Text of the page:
June 28, 2007 7:08 AM   Subscribe

What are the essential documents that all (software dev) projects should include?

There are certain "artifacts" that all dev projects should create above and beyond code and bugs, and most of that is documentation. What are the essential documents that all projects should include? UML diagrams, architecture, specs? Any links to reference would be appreciated.
posted by Null Pointer and the Exceptions to Computers & Internet (6 answers total) 8 users marked this as a favorite
Best answer: Depends on whose point of view. If you're writing an enterprise application for a big business, you're going to need functional requirements, functional specs, code-level specs, implementation documents for future coders, and user manuals with graphics showing how to operate the software.

If you're writing a program for personal use, you may not even need any documentation except inline comments.

Hard to provide you with references and links without a scope!
posted by SpecialK at 7:49 AM on June 28, 2007

How CYA is your development culture? When I was at MegaCorp You've Heard Of Them Financial Services, Inc. the entire corporate culture was insanely so, and so the most essential written document of any project was a signed, baselined, detailed requirements document from the business/user community. Anything less than a signature on printed paper meant a vicious fight over scope creep, cost burdens, and playing "I know I asked for X but give me Z" games.

If the success of your project depends on dealing with flaky business units like that, such a document is essential.
posted by majick at 8:02 AM on June 28, 2007

Best answer: I think that the right answer is a bit meta- you need to start with the docs that describe the process before you have the deliverables mapped out.

You really need a document that describes what is to be done, what the process will be for doing it, and how you will know that it is done.

In a professional services context, this first document is usually a combination of a proposal and a statement of work. In an internal software project, this can be a "Project Requirements Document", or Capital Expenditure Request.

Once these agreements are in place, you can drive down the rabbit hole into implementation; most folks seem to pursue a hybrid waterfall / agile approach these days:

- Some sort of requirements document describing the project in terms the business folks understand (use cases, functionality, etc)

- Some sort of strategic design document describing how the system is to be implemented (UML diagrams, database schema, etc). The more waterfall-esque you are, the more effort will be placed into adding tactical design into this set of docs.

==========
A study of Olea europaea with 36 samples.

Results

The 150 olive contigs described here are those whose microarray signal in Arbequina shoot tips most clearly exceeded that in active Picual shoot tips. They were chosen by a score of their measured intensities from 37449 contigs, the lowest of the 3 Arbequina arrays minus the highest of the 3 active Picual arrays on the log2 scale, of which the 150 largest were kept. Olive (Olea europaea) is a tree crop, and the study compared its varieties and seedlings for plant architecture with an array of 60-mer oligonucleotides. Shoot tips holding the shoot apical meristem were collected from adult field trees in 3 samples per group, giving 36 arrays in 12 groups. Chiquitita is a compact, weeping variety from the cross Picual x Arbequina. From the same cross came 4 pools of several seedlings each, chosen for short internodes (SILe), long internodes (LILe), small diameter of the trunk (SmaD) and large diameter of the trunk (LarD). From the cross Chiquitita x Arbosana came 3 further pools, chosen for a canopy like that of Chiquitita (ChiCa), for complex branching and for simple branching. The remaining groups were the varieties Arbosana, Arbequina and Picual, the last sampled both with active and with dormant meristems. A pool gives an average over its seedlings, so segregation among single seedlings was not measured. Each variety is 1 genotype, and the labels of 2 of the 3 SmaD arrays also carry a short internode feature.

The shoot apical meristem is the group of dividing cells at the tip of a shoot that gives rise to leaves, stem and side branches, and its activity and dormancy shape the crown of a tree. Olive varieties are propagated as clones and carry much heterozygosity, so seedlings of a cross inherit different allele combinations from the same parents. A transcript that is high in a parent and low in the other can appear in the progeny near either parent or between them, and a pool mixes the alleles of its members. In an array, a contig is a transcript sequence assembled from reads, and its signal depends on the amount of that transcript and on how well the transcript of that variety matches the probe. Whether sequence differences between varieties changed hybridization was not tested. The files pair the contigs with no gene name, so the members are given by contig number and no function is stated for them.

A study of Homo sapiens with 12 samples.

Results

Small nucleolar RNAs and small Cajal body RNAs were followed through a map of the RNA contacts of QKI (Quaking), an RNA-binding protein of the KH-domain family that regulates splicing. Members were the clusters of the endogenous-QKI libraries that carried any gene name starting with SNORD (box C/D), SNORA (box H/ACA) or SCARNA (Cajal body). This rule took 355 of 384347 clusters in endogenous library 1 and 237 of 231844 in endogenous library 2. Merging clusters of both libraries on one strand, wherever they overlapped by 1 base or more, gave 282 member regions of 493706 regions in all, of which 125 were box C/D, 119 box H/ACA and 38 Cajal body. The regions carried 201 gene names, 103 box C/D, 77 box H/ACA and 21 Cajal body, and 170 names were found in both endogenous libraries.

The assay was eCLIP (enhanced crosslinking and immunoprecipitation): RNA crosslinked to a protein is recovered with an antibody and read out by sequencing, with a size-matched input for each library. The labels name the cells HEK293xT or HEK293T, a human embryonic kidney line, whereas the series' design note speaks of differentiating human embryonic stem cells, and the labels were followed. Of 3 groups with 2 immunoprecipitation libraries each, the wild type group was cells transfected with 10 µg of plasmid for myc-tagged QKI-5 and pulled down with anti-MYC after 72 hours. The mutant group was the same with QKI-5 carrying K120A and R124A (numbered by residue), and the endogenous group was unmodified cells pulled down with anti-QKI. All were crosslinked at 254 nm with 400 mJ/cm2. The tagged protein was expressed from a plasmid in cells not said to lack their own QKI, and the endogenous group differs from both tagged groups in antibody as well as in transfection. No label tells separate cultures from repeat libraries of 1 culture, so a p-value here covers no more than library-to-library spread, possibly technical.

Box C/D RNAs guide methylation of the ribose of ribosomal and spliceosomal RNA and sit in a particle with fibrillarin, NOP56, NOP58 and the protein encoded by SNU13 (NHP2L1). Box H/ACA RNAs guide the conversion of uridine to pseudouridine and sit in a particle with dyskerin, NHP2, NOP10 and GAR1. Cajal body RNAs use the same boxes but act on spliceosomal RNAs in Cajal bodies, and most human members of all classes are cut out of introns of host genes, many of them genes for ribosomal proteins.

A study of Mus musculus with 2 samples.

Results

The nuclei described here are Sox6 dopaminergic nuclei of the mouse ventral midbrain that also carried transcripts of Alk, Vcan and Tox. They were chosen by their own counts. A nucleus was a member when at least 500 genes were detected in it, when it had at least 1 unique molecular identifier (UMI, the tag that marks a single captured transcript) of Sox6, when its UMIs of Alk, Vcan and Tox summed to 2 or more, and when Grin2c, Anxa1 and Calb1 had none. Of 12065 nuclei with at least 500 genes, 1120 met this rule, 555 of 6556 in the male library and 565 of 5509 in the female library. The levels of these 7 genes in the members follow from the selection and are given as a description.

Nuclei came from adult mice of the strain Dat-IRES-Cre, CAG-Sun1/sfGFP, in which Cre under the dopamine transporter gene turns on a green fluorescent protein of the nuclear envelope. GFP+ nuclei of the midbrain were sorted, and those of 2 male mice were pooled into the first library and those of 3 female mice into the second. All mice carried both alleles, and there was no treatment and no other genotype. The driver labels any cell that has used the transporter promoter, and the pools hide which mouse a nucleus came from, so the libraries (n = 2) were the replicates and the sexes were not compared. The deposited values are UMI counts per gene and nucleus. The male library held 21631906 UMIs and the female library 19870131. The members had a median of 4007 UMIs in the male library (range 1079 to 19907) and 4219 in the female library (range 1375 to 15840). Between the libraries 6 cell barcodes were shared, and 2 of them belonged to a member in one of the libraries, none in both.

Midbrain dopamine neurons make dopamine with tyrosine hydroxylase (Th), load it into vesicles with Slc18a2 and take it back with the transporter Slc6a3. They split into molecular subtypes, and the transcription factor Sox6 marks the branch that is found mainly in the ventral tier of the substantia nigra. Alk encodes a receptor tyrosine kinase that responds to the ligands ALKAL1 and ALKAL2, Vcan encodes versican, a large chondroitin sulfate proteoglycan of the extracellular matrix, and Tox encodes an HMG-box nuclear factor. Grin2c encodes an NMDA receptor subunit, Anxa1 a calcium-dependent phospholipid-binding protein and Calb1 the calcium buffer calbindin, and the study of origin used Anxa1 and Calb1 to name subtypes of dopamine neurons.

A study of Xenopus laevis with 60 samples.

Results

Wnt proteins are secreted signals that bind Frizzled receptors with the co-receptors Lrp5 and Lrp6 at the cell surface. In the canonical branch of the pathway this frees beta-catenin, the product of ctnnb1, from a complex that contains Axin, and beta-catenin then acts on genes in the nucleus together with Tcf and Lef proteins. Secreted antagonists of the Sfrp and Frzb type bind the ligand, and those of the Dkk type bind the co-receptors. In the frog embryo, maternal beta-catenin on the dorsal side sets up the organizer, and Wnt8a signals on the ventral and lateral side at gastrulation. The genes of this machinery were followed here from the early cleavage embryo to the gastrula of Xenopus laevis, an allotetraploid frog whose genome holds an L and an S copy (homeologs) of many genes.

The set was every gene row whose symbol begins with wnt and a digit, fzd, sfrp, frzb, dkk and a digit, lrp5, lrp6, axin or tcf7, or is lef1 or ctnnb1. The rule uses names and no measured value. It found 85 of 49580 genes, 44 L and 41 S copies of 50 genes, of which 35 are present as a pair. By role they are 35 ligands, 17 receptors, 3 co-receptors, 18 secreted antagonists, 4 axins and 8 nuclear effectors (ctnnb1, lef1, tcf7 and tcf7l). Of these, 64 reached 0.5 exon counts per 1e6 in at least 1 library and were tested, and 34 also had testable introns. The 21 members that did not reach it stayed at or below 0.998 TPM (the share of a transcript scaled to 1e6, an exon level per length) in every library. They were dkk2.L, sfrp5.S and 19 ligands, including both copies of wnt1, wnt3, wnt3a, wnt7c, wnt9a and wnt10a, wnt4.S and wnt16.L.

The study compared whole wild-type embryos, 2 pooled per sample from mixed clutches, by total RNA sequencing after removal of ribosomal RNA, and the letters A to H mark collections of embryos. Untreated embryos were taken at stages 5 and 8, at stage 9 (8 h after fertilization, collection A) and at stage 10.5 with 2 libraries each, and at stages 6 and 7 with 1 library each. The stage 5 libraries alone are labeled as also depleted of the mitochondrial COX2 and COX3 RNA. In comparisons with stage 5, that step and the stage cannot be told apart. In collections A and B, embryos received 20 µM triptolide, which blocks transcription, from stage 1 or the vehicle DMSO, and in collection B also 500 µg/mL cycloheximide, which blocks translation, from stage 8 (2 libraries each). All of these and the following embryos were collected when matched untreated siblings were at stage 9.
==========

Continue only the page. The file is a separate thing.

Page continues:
- Some sort of test plan that describes how the system is to be tested and accepted by the client as complete. If appropriate, this is where you'll usually add in deployment information as well (server push, etc)

There are many other documents that get produced based on the methodology you're following.

If you are looking for templates and structures, the readyset folks ( ) have a decent starting point- you'll need to pick and choose what works for your project, of course.
posted by jenkinsEar at 8:03 AM on June 28, 2007

All software? None. It's too vague of a question. Software's domain spans from hobby projects in your garage to guiding anti-missile missiles to running financial institution. What you must do depends on what your final client demands. If that client is you, you probably don't want much except that it works. If your client is the US government or the Bank of America, well, they are a little more demanding.
posted by chairface at 9:49 AM on June 28, 2007

Your contract.*

The rest will depend on corporate culture, your own "best practices", how many people you're working with, how many other programmers are helping, etc., but SpecialK gives a decent short-list. It's different every time.

* And I've worked without even that many times.
posted by LordSludge at 10:00 AM on June 28, 2007

I've got one that should damn well be in every software project: documentation of what resources your program requires and produces, along with notes indicating whether they are static or dynamic in size and their expected range and rate of growth.

Guess who just got a nice Surprise! on a production mailserver.
posted by Skorgu at 2:49 PM on June 28, 2007

« Older Name My Car   |   Should I reschedule a trip to Longleat? Newer »
This thread is closed to new comments.